Why Do We Carve Pumpkins on Halloween?

Friday October 21, 2016

The practice of carving pumpkins on Halloween originated in Ireland during the Celtic festival of Samhain. According to legend, on Samhain night the door between the world of the living and the world of the dead was flung open and sprits and ghosts were thought to walk the earth. People would hollow out turnips to create makeshift lanterns, often carved with grotesque faces to frighten away any roaming sprits.

Originally, turnips, potatoes and beets we’re used to make the grinning lanterns. Irish immigrants brought the tradition to America, home of the pumpkin, and it became a major part of Halloween celebrations throughout the country. The name “Jack O’Lantern” comes from the old Irish legend of Stingy Jack.

The Legend of Stingy Jack

According to the legend, there was once a cruel, miserly old man named Jack. Jack was so greedy that he couldn’t bear to part with even a single coin of his precious money. One cold Samhain night, Jack found himself down at the local pub sharing drinks with a mysterious stranger. Now most people avoided mean old Jack, but this stranger was eager for company.

“I only get out this way but once a year,” said the stranger with a devious grin, “And I mean to enjoy myself!”

Well, Jack was always game for a night of drinking and devilment, but as the evening wore on he began to realize that this was no ordinary drinking partner. His curious companion was none other than the Devil himself out for his kicks on a Samhain night. Being an old scoundrel himself, Jack had no qualms making merry with Old Scratch and the two got on like a house on fire.

The evening went along well enough. That is, until the bill came. Jack so hated paying for anything that he hatched a wily little scheme to get out of it.

“So, ye says yer the Devil, do ye?” Jack mocked, “Go on with ya an’ prove it then. Turn yourself into a coin to buy our drinks.”

The Devil, unsteady from the night of carousing, laughed at the thought and with a loud POOF! turned himself into a silver coin. Jack went to pay for their drinks, but once he held that bright, shiny coin in his hand, he was just too stingy to let it go. Jack dropped the coin into his pocket next to a silver cross, which trapped the Devil in his coin form, and slipped out the back of the pub.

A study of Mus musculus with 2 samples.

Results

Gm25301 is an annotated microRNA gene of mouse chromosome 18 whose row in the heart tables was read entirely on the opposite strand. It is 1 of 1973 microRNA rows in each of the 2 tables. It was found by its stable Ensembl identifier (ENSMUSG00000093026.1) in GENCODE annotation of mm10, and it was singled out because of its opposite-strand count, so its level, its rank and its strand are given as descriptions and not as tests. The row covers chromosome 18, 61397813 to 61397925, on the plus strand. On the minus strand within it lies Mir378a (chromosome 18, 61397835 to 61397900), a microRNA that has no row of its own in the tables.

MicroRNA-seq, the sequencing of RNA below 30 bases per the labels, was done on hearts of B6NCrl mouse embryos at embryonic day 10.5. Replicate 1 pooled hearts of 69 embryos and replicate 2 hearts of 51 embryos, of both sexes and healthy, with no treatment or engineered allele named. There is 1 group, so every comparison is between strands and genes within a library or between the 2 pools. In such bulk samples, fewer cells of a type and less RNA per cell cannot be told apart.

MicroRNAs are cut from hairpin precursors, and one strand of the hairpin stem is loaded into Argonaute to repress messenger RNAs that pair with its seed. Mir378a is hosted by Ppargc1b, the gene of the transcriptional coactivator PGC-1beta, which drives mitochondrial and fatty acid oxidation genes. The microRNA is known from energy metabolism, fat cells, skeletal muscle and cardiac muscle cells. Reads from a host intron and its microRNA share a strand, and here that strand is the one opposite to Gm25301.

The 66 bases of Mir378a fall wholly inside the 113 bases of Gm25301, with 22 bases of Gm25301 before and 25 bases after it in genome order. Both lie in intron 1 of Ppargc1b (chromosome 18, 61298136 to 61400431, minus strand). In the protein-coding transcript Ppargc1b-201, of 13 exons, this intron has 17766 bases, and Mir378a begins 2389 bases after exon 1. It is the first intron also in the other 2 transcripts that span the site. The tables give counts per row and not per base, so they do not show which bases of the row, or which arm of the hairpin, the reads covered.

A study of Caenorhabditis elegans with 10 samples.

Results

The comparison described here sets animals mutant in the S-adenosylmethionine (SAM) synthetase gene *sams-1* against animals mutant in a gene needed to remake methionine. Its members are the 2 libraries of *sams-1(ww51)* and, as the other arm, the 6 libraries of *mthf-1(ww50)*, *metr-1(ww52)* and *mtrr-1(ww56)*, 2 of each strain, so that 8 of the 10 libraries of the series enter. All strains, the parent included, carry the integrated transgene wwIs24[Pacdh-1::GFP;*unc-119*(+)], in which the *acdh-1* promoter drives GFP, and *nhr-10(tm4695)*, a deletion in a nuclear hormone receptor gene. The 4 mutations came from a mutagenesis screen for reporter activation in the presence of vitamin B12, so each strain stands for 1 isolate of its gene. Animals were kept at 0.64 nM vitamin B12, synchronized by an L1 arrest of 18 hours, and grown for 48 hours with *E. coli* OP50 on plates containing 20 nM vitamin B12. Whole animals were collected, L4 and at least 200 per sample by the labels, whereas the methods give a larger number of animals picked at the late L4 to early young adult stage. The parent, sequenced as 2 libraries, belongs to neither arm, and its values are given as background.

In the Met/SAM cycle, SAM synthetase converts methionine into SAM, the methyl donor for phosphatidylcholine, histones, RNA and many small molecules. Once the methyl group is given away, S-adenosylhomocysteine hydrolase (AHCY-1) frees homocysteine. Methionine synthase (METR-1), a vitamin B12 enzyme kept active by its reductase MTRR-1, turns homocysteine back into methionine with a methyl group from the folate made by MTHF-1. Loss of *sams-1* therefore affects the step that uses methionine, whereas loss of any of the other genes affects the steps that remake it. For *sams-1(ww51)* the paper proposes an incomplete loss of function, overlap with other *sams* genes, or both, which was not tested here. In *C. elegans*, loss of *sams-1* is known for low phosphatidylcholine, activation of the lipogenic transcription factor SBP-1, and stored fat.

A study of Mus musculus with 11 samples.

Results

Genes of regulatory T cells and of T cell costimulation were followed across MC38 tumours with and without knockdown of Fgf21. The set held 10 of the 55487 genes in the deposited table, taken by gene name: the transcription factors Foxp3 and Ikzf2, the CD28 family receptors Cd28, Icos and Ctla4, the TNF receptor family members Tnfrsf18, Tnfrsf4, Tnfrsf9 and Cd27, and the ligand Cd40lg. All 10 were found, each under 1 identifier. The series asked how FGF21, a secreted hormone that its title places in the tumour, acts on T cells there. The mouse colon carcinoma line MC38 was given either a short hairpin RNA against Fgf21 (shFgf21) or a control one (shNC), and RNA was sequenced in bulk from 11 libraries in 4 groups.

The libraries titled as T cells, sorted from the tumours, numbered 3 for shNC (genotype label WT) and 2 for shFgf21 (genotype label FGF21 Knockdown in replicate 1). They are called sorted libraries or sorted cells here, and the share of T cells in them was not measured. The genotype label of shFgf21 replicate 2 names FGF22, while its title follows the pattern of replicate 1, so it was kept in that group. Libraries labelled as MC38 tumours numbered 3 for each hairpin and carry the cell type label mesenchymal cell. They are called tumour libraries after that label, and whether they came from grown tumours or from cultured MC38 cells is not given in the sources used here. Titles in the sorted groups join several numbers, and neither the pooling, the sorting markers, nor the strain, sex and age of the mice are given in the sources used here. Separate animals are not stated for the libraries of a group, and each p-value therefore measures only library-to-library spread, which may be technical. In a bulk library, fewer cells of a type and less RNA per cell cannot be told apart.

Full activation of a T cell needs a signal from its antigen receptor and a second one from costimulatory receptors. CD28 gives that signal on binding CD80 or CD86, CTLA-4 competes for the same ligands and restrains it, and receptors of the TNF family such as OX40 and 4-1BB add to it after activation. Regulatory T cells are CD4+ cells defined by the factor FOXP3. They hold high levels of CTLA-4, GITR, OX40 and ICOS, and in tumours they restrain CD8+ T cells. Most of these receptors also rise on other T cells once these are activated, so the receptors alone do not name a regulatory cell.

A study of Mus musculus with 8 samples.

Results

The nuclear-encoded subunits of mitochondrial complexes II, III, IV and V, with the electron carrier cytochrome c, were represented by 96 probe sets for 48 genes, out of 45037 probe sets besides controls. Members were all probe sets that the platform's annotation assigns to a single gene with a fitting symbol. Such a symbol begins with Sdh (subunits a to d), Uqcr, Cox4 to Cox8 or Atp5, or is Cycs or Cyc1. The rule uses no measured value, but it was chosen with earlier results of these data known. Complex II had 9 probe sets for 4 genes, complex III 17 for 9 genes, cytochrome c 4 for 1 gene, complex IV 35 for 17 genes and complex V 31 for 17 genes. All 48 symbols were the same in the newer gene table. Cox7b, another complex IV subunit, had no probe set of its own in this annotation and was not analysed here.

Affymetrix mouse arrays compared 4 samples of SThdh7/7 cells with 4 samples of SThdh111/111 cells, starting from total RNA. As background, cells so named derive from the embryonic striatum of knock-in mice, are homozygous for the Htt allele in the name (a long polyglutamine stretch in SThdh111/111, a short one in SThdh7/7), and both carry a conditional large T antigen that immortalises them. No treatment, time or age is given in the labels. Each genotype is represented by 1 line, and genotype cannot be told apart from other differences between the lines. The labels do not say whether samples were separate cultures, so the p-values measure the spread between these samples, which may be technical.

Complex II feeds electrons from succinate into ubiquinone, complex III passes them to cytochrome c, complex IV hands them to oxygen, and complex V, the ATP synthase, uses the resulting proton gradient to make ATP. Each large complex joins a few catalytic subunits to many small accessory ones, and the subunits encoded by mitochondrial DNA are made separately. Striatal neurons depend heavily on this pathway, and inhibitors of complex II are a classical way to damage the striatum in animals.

Out in the night, the Devil roared and demanded Jack release him. But Jack was nothing if not clever. He wouldn’t be doing the Devil any favors. Jack agreed to release the old demon on one condition. When Jack died, the Devil had to promise he wouldn’t claim his soul. The Devil was furious, but he agreed. A very smug Jack released him and the Devil sulked back into the night.

Some years later, old Jack finally died. After living such a selfish and cruel life, he was turned away from the Pearly Gates. When Jack showed up looking for quarter in hell, the Devil had his revenge.

“But I must keep my word, boyo,” The Devil said with a sanctimonious grin, “I promised I wouldn’t claim your soul and so I shan’t.”

Jack begged and pleaded with the Devil, but it was no use. He knew he had been had. As he turned to go, the Devil called to him one last time and kicked a burning ember from hell.

“A gift to light your way,” He said with wicked cackle, “Don’t say your ol’ pal never gave you anything.”

Jack put the fiery coal into an old turnip he had found, creating a make-shift lantern. With that, Jack sadly took his solitary way, doomed to wander the Earth for all eternity. From that day forward he was known as “Jack of the Lantern” or “Jack O’Lantern.”

So this year, be sure to place your own Jack O’Lantern in front of your house, or Jack and his ghoulish friends may be paying you a visit this October 31st!